Naturalist Alexander Humboldt famously observed electric eels jumping up to attack horses in 1800, but for some reason the “wild terror in their sparkling eyes” did not inspire him to test those shocks out on his own skin. That dubious honor belongs to Kenneth Catania, a biologist at Vanderbilt University, who recently put his own anatomy through several excruciating experiments.
“I believe in collecting data when possible,” says Catania. “I had to put my arm where my mouth was.”
Catania has performed experiments with electric eels for years—he’s figured out how they send out electrical pulses to exhaust their prey, use high voltage to track down speedy fish and how they can even cause a temporary paralysis. But he wanted to know the exact current in the electric eel’s dramatic offensive, during which the animal leaps out of the water and delivers a sucker-punch straight to whatever’s trying to eat it. The resistance of human flesh was the only variable he was missing. He chose a small electric eel, which packs less of an impact than a full-grown monstrosity—they can reach up to 44 pounds—and set out to collect some truly shocking data.
Electric eels, which are actually a species of knifefish, often catch prey by immobilizing it with electric currents. They don’t even need to directly touch the skin of their victim unless they need to deliver a big jolt—enough to cause a significant amount of pain to a large animal, like a jaguar or human. Catania compares it to the shock from an electric fence. The current flowing through Catania’s arm clocked in at around 40 to 50 milliamps, while an average fence delivers 15 to 100 milliamps. After 100 milliamps, breathing and heart function starts to falter. Most studies that shock people—like this one, which suggested that people prefer the buzz to sitting alone with their thoughts—use 5 to 10 milliamps.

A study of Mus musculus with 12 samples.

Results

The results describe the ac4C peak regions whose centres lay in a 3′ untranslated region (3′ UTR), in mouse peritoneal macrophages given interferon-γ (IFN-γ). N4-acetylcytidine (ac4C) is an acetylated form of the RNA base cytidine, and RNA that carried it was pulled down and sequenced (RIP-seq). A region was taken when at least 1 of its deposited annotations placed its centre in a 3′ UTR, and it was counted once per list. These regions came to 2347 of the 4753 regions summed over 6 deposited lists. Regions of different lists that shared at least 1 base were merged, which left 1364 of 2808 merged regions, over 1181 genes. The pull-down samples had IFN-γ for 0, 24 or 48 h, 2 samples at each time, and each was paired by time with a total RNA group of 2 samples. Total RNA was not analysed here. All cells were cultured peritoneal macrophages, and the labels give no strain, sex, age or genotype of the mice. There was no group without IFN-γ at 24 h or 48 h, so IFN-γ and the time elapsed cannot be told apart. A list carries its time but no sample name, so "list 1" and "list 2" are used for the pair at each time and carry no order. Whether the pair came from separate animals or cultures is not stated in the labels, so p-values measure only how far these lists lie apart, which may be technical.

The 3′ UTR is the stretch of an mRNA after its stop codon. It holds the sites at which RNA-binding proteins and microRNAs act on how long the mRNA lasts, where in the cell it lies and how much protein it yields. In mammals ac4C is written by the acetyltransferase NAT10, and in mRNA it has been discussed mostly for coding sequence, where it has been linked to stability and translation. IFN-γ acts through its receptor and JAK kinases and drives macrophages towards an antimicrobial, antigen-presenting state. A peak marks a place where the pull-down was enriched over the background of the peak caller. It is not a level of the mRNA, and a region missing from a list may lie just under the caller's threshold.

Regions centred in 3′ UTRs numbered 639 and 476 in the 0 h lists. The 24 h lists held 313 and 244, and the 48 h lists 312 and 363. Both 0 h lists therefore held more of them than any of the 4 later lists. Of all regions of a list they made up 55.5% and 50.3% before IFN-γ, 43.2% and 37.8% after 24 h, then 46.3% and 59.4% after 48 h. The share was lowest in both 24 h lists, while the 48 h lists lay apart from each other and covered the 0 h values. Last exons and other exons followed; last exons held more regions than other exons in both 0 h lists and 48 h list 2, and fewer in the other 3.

If you’re curious about how it felt, well, Catania (ever the professional) simply notes in the paper that “the subject reported that the eel’s shocking leaps were strongly aversive.”
“It’s painful,” says James Albert, a professor of biology at the University of Louisiana who wasn’t involved in the new study. “There is a long tradition of scientists taking one for the team.”
Catania is not the only scientist to offer himself up to eels in the name of science. In the 1800s, these hulking fish were a reliable sources of electricity. Michael Faraday, a physicist who established many of the basic principles of electromagnetism, described electric eels as “animals able to give the same concussion to the living system as the electrical machine, the voltaic battery and the thunder storm.” Like Catania, Faraday stuck his hand in the water with an eel. Unlike Catania, he also made three of his assistants splash around in the water next to the living electrical hazard.
While Catania underwent significant pain, he knew the small eel was not life-threatening. Neither Albert nor Catania have any knowledge of an electric eel ever killing anyone directly. “Even Humboldt, who seemed to relish a good fish story, attributed the death of two horses in 1800 to exhaustion followed by drowning while trapped, rather than the direct result of electric shock,” the study states. But while that means the risk of sticking his arm into an eel tank was rather minimal, Catania notes that the danger of drowning during sudden muscle paralysis is far from trivial, and could take down even someone who’s usually a strong swimmer.
In the study, Catania recalls a mysterious Daily Mail video in which a Brazilian man acts as electric eel bait. He stands ready and wary, with a rope around his waist. After the electric eel leaps out and shocks him, he plunges into the water. His companions quickly pull him out and hack the massive fish into pieces. Catania says he doesn’t know why the Brazilians wanted to kill this particular eel, but that he respects the courage of the protagonist of the video. “If you want to say somebody’s brave, that’s who’s brave,” he says.
Despite centuries of research, there is still more to learn about this strange species, to say nothing of less famous members of the Amazon ecosystem. “Even monsters like the electric eel are really poorly known,” says Albert. Catania says he, for one, is not through with his research. “People used to think they were just giant batteries,” says Catania. “These animals always have something new to surprise us with.”